Hear ye, hear ye – my Ladies and my Lords. The following is a brief written and pictorial account of an unusual and strangely very entertaining day I spent out in the good shire of Abbeystowe today.
I've been looking to get myself along to something unusual and perfect for an all-day photographic shoot, and waddya know, I found just the right occasion!
Now in it's 22nd year, the Abbey Medieval Festival is considered the largest festival of its type in the southern hemisphere, attracting tens of thousands of fans and interested onlookers (like me) each year. The week-long festival kicks off with a huge Medieval Banquet and culminates in a grand, two day Abbey Medieval Tournament held over a weekend in Winter each year.
Located at the Abbey Museum of Art and Archaeology, this spectacular event is held in a large, gum tree littered field about 4km off the Bruce Highway along the Bribie Island road, 45 minutes or so north of Brisbane.
To be honest, I'd only heard about the event for the first time a few days ago and really had no idea what to expect. I was a tad worried I was going to find a bunch of pimply teens and twenty-something geeks sitting around in a tent playing Dungeons and Dragons (you can play that in a tent, right?), but I was pleasantly surprised with the spectacle that was presented to me and the many thousands that also showed up today.
After being greeted by a fair maiden at the front gate and parting with 25 gold pieces (a reasonable $25 entrance fee for adults, for you non-medieval speaking folk), I stepped into what literally felt like another world filled with castles and encampments buzzing with activity from ye days of old.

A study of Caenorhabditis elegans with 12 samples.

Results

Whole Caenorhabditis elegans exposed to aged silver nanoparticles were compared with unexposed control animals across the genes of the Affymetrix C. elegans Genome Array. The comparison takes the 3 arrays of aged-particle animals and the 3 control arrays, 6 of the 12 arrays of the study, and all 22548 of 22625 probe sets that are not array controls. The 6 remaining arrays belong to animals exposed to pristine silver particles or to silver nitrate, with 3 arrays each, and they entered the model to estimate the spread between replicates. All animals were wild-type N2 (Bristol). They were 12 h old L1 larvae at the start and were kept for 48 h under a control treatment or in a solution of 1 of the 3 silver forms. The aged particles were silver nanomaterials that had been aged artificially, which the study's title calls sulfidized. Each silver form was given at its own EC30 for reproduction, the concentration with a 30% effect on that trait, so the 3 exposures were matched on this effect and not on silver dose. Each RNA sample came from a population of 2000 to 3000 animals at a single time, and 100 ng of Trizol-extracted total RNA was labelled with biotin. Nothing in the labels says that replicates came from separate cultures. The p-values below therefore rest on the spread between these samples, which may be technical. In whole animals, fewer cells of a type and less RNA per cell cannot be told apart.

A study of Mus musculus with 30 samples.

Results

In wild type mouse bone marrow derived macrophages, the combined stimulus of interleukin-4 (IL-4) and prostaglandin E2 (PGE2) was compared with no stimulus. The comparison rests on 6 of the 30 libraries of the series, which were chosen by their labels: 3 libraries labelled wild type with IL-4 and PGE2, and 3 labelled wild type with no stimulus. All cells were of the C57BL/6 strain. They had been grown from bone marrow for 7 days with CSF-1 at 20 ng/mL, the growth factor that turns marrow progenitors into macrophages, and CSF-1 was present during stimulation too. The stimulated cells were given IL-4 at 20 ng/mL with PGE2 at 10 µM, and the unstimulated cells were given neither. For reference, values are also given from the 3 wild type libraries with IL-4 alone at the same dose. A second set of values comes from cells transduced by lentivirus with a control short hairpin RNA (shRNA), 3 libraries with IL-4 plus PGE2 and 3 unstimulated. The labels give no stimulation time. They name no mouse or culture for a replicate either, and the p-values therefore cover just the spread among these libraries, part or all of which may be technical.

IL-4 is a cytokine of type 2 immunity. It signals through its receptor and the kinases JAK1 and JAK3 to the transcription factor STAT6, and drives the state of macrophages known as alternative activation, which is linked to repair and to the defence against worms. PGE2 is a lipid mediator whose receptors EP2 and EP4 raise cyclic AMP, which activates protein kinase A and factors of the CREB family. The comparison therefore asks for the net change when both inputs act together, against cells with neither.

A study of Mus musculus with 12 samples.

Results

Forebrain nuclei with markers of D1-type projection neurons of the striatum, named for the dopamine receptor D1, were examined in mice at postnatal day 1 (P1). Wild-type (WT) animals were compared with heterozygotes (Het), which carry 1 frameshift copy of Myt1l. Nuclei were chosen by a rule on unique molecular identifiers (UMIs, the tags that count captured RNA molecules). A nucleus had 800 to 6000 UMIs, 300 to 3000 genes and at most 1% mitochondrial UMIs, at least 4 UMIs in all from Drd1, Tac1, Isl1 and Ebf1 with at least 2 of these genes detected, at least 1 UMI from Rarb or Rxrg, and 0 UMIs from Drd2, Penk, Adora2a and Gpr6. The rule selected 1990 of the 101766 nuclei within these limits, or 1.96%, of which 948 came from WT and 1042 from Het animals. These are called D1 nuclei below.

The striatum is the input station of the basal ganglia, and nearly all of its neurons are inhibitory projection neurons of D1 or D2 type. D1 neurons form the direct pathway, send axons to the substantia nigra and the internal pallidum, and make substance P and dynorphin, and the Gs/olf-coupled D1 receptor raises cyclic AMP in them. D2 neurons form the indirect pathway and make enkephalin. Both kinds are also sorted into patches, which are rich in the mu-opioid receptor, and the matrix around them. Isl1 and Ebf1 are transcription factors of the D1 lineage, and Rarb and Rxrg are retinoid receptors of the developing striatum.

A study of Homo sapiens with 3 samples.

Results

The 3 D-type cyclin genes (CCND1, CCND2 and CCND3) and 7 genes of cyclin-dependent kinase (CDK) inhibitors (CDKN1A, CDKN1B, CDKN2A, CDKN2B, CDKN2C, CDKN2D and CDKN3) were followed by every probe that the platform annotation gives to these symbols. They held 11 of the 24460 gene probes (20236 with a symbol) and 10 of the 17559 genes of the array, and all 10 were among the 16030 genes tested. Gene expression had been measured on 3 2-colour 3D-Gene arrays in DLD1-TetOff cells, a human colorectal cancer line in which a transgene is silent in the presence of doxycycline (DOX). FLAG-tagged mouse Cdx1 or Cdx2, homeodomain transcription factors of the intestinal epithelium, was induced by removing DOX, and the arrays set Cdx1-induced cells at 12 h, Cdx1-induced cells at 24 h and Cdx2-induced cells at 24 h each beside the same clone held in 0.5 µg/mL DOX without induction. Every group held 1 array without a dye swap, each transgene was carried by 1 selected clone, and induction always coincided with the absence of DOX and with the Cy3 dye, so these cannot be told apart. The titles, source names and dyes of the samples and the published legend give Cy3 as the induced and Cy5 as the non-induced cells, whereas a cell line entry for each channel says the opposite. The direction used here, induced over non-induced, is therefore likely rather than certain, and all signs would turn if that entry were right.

There were knights and crusaders, jesters and gypsies, vikings, nomads, nobles and more, together representing medieval times ranging from 600 to 1600 AD. Seemingly accurately attired participants stepped into the roles of those from the Dark Ages, High Middle Ages and Byzantine warriors, German landsknechts (mercenaries), Turkish Janissaries and exquisite Renaissance swordsmen, putting on a succession of shows and mini-performances that thrilled young and old alike under perfect blue skies.
I was able to visit the encampments of various groups who were set up to display the arts, crafts and ways of life of those from their given time period, as well as observe historical combats, jousting, dance, Turkish oil wrestling, archery, full scale battles, street performers and take some time to relax, put my feet up and sip on a mug of suds, while listening to some medieval music on stage at "Friar's Folly Tavern".
Seriously though, while I still think some of the people out there today were a tad beyond "total geek" when it came to their obsession with all things medieval, I really enjoyed the day out and would gladly do it again next year with friends.
To prove that all that I have written above isn't a lie, I shot about 1,500 frames throughout the day, from which I can present the following gallery. I hope you enjoy it!